Dr. David Asbery shares his pride observing teenagers handle an adult situation without their parents to guide them.
Parents, have you ever wondered what your teenage son or daughter would do if given the opportunity to attend a college fair alone without your expert parental guidance? Would they be able to handle their business? Or, would they “chill” out and just goof off?
Last Saturday, my wife and I took 15 teenagers (without their parents) to the 30th Annual Malcolm Bernard HBCU College fair at the Riverbank State Park in New York City. This standing room only event which was hosted by the National Urban League, provided these kids with the ultimate challenge. They could either dive into their cell phones and played candy crush for four hours, or they could choose to meet with the 40 plus HBCU admission professionals, apply for the various scholarships that were available, attend workshops that focused on financial aid and obtaining scholarships, or receive an on the spot admission to their school of choice.
With these options in front of them, it was exhilarating to see these kids select the latter. But even more exhilarating was the focus and determination that I witnessed from each kid that attended. So for the readers who were unable to attend the event, I would like to give you a peek into the events as they occurred.
At 8:00am a luxury coach bus pulled into the North Haven commuter lot and we were on our way to the event. After picking up two kids from the Fairfield commuter lot, we arrived in New York City at 10:00am. Upon walking into the facility the kids were faced with a long Department of Motor Vehicles type line. But did this discourage our kids? No! Because they were briefed on the bus by one of their chaperones, Qwaliff Jackson. Qwaliff informed them that “long lines are part of the college experience, and regardless of the technological advances that we see each and every day, the college registration line is today what it was 30 years ago, long.”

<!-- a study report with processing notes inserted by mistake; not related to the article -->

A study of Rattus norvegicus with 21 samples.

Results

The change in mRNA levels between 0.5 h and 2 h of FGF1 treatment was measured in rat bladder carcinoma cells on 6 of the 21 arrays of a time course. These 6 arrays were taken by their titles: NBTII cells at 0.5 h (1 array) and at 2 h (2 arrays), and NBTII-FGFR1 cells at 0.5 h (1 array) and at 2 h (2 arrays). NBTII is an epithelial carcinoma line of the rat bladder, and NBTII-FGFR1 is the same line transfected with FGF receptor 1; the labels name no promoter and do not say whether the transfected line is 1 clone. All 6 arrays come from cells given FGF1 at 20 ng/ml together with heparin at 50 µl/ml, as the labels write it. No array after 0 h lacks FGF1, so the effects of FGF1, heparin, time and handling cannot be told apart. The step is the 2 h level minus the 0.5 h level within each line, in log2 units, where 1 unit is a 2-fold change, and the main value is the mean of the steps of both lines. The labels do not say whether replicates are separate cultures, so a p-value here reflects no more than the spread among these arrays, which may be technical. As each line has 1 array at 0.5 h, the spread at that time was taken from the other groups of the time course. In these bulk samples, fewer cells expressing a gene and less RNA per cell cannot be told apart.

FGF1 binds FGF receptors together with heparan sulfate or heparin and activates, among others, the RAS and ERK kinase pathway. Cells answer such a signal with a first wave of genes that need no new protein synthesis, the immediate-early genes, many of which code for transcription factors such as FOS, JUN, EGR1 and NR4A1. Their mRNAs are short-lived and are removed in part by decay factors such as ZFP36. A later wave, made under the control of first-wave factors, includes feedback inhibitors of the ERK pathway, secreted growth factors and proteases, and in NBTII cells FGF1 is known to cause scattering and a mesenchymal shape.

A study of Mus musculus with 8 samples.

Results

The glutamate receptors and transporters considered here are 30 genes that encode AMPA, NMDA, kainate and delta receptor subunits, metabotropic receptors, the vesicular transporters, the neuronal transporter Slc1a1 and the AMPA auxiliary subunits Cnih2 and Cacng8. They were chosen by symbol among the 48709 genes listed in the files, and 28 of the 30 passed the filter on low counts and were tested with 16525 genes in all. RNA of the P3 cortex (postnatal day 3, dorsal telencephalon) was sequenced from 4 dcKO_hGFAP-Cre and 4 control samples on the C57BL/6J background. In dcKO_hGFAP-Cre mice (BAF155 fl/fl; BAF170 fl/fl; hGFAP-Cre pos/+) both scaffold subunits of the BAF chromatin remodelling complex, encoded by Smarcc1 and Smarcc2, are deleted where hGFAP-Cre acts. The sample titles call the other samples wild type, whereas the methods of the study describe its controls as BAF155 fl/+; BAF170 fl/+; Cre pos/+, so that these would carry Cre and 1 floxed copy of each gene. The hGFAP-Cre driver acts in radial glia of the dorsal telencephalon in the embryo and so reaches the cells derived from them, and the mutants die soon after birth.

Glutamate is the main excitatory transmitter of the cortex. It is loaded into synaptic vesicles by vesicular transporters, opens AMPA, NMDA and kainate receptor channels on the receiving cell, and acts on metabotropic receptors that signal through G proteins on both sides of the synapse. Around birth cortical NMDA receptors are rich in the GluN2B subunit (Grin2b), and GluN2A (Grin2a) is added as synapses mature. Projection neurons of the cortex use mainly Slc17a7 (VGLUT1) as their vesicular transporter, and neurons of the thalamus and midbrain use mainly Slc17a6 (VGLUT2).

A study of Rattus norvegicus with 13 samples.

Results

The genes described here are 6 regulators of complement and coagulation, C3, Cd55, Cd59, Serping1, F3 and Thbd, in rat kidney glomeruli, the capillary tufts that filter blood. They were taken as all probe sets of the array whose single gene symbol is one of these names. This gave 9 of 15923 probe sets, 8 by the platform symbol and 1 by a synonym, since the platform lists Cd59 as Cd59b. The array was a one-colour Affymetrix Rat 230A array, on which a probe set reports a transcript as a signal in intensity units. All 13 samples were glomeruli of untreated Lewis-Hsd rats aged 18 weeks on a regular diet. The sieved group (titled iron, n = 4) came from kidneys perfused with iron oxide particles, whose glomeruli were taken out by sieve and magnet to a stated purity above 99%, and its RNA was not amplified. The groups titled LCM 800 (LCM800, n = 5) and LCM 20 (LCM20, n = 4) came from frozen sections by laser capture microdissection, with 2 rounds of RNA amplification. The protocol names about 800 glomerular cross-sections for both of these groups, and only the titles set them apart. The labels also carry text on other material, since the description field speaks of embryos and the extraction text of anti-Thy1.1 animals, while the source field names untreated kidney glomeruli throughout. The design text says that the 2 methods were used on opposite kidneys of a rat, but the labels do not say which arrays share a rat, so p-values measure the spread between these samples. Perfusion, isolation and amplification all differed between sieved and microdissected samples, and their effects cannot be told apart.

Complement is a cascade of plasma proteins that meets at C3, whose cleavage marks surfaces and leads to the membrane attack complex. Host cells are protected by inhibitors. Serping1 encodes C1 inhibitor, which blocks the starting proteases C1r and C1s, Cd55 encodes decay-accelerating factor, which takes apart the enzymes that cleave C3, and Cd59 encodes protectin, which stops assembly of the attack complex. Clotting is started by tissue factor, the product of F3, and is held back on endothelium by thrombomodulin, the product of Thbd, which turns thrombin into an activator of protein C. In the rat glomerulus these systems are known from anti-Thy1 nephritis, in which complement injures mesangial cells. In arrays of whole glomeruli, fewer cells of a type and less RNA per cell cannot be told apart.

At 10:30am the doors opened and the event officially started (on time) and here is where it gets interesting. All of the cellular phones were put away and these kids hit the tables like their lives depended on it. I was a chaperone for two young men who were a bit apprehensive at first so I ran up to them and asked them which colleges they were interested in. They both pulled out detailed lists that consisted of about eight colleges each, they both asked questions about the schools that they selected, and both of them achieved their goals of visiting all of the schools on their list. Also, all of the kids attended the Q & A session that focused on the reasons why one would attend an HBCU.
When it was all over and we were back on the bus heading home, I looked back at all of the kids and I felt honored and proud to be in their presence. This feeling had nothing to do with their decision to attend the college fair. No, my feelings stemmed from the fact that if any of their parents wondered what their teenage sons or daughters did when given the opportunity to attend this college fair without their expert parental guidance, I would be able to say with confidence that these kids have what it takes to be successful, that these kids are our future engineers, lawyers, doctors and marketing executives. That these kids didn’t goof off or chill out when given the opportunity to do so, and if asked why is it that these kids chose not to do so, I would pat each parent on their shoulder and boldly and proudly respond by saying that these kids, your kids, were too damn busy handling their business and carving out their future.